Promoting local conservation

Soil erosion

by Miges Baumann.

Anibal and Orelina Correo live in the village of Boliche in Simiatug, Ecuador. They tell their story of their use of new potato varieties developed at the National Institute for Agricultural Research…

New methods

‘The agronomists came and encouraged us to set up a co-operative. They brought us new varieties of potatoes and artificial fertiliser and started field tests. At first the new seed potatoes gave a much higher yield with different fertilisers. We believed these were much better than what we used before. But by the next year the yield began to fall. In the third year we had problems with worms. The agronomists brought in fungicides and pesticides to deal with the pests, but the chemicals got more expensive every year. We also had to increase the pesticide dose all the time. The potatoes began to taste bitter because we were spraying so much.’

Artificial fertiliser is very expensive. ‘Six years ago we could buy a sack of artificial fertiliser for a sack of potatoes. Today the same sack of fertiliser costs six sacks of potatoes,’ explains another farmer. Pesticides and new seed potatoes are expensive as well.

Discouraged, Anibal and Orfelina Correo went back to their traditional method of cultivation which had maintained stability for centuries. This meant returning to organic manure, skilful rotation of crops and to the traditional potato varieties. They were lucky to find them as the traditional varieties are often lost when new varieties replace them.

Old methods

Belisario also grows potatoes. But in his field near Atupulo on a 3,700 metre high plateau, he does not plant any of the new varieties recommended by agronomists and the government. He does not need any of the artificial fertilisers or pesticides recommended by the government. Neither does he carry out the recommended mono-cropping of one variety. Instead, he plants his potatoes the way his ancestors did, using more than ten different types of potatoes. He knows each part of his land and each of the different characteristics of the potato varieties he plants. One is more resistant to fungus, another withstands a certain beetle, one copes better with drought while yet another tastes particularly good. In this way Belisario can deal safely with climate and pest problems.

Asked why he plants the old varieties, he answers…

‘They taste better and cook much more quickly. Our traditional varieties also bring a better price on the local market because people know and like these varieties. In the towns though, people are only familiar with the new varieties.’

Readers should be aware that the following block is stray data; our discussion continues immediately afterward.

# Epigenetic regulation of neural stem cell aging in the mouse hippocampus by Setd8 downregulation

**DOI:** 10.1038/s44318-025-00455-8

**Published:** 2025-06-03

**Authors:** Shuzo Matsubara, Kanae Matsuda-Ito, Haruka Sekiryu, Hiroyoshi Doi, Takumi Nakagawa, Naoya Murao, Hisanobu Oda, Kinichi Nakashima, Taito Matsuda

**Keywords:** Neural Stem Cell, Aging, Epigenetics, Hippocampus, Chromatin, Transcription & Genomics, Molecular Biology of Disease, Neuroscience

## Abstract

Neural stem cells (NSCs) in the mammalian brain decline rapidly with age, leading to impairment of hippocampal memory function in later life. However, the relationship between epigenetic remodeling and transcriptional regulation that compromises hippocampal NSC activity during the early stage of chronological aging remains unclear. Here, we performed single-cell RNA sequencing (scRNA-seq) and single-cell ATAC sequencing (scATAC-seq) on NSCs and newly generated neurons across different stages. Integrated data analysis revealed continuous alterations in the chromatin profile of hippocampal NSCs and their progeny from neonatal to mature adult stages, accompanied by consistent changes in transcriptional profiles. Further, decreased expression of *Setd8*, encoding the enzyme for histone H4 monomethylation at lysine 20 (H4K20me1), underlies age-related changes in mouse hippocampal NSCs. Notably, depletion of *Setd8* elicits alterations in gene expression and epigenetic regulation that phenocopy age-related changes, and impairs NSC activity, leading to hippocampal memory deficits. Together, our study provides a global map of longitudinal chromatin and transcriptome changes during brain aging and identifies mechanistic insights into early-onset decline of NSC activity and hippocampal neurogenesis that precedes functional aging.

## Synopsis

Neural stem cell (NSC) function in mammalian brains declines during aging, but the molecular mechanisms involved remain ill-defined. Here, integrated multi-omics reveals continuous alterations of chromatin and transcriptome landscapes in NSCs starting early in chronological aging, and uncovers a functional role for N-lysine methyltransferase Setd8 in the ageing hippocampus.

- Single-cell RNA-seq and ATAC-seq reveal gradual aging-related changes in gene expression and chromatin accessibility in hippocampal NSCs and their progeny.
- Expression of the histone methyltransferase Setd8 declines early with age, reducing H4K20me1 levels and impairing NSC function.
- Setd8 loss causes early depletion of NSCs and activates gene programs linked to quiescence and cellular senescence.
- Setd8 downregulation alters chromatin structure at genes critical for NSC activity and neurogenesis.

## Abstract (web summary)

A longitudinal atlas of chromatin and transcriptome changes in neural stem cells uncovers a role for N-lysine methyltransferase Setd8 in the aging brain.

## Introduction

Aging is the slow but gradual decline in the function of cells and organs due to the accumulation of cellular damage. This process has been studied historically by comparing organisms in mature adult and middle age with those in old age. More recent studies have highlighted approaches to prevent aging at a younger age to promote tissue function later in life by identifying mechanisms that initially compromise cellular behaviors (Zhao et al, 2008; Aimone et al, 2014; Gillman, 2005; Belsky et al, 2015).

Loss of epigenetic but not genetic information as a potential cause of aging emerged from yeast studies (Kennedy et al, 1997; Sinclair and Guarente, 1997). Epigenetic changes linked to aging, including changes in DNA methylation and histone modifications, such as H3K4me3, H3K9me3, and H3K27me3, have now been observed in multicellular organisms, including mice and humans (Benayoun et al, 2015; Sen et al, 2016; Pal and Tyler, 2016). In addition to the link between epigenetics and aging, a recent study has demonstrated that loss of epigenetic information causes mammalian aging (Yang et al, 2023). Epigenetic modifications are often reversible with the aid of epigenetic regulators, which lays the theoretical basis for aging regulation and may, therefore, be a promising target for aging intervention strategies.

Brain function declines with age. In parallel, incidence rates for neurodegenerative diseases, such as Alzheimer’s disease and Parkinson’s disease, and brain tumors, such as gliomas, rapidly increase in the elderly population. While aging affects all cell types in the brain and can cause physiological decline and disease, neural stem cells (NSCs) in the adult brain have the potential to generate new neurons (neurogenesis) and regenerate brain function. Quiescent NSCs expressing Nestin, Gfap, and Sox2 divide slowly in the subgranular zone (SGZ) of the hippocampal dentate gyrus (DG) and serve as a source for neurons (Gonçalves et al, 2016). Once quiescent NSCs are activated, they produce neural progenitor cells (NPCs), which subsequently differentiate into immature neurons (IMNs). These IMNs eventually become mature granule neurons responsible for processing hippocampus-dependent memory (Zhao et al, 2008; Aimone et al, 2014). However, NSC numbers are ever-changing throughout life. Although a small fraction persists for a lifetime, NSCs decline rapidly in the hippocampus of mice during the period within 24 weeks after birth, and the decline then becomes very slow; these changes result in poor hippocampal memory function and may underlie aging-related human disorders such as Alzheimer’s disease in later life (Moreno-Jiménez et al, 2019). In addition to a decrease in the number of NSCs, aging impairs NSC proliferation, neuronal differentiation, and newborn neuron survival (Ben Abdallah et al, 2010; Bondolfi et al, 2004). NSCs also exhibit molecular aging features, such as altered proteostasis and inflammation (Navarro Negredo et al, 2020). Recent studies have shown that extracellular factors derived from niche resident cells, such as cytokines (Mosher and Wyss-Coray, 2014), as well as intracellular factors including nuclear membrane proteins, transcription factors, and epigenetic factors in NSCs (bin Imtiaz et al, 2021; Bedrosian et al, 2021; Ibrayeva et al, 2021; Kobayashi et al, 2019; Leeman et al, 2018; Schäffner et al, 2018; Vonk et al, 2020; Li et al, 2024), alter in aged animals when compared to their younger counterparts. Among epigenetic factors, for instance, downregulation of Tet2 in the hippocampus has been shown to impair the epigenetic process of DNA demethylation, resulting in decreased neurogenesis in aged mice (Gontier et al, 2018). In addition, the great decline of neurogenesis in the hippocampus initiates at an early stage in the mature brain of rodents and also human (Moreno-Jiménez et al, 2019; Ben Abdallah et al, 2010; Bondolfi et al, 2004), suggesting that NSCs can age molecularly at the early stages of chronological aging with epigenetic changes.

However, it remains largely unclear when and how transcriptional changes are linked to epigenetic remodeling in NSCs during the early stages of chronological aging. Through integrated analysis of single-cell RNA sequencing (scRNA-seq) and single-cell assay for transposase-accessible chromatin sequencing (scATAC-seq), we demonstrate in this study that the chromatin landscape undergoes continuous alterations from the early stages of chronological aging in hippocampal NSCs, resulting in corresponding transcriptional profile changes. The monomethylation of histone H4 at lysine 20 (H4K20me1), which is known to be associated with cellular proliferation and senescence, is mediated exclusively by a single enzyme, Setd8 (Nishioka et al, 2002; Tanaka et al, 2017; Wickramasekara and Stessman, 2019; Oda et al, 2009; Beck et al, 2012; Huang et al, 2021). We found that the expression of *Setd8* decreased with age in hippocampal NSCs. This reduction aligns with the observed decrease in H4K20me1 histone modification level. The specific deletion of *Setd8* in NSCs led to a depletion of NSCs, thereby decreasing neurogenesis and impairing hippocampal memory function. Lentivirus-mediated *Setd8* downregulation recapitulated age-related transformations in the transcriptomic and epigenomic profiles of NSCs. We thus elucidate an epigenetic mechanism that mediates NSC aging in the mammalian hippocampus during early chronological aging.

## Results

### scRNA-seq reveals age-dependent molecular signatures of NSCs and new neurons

The disappearing potatoes

Nowadays the farmers who use these techniques are few. The original range of varieties has virtually disappeared. Even in the agricultural research stations in the Andes, researchers (who bred the new varieties) are shocked by the speed at which varieties are disappearing. Indian organisations in many places are becoming aware that the original varieties of potatoes are part of their traditional agriculture and cultural heritage which should be protected.

The Swissaid Coordination Office in Ecuador is now trying to encourage this approach. Sustainable agriculture and conserving genetic diversity are important principles of their development policy. In the face of massive propaganda from the chemical industry they create awareness of alternative approaches and encourage farmers’ groups to have confidence in their traditional experiences so they can make realistic choices.

Miges Baumann works with Swissaid, Jubilaumstr 60, CH-3000 Bern 6, Switzerland raising awareness of local conservation for sustainable development. This article was adapted from the book Growing Diversity, edited by D Cooper, R Vellvé and H Hobbelink and published by Intermediate Technology. (See review on 'Resources page')

EDITOR:The situation in Ecuador is being repeated worldwide as traditional varieties and sustainable agricultural practices are replaced with new commercial varieties (which often require fertiliser and pesticides to yield well) and mono culture. Sorghum, maize, rice, beans and many other crops could be used as similar examples. New varieties may often be of great benefit, but the total replacement of traditional varieties carries considerable risks for farmers in the long term.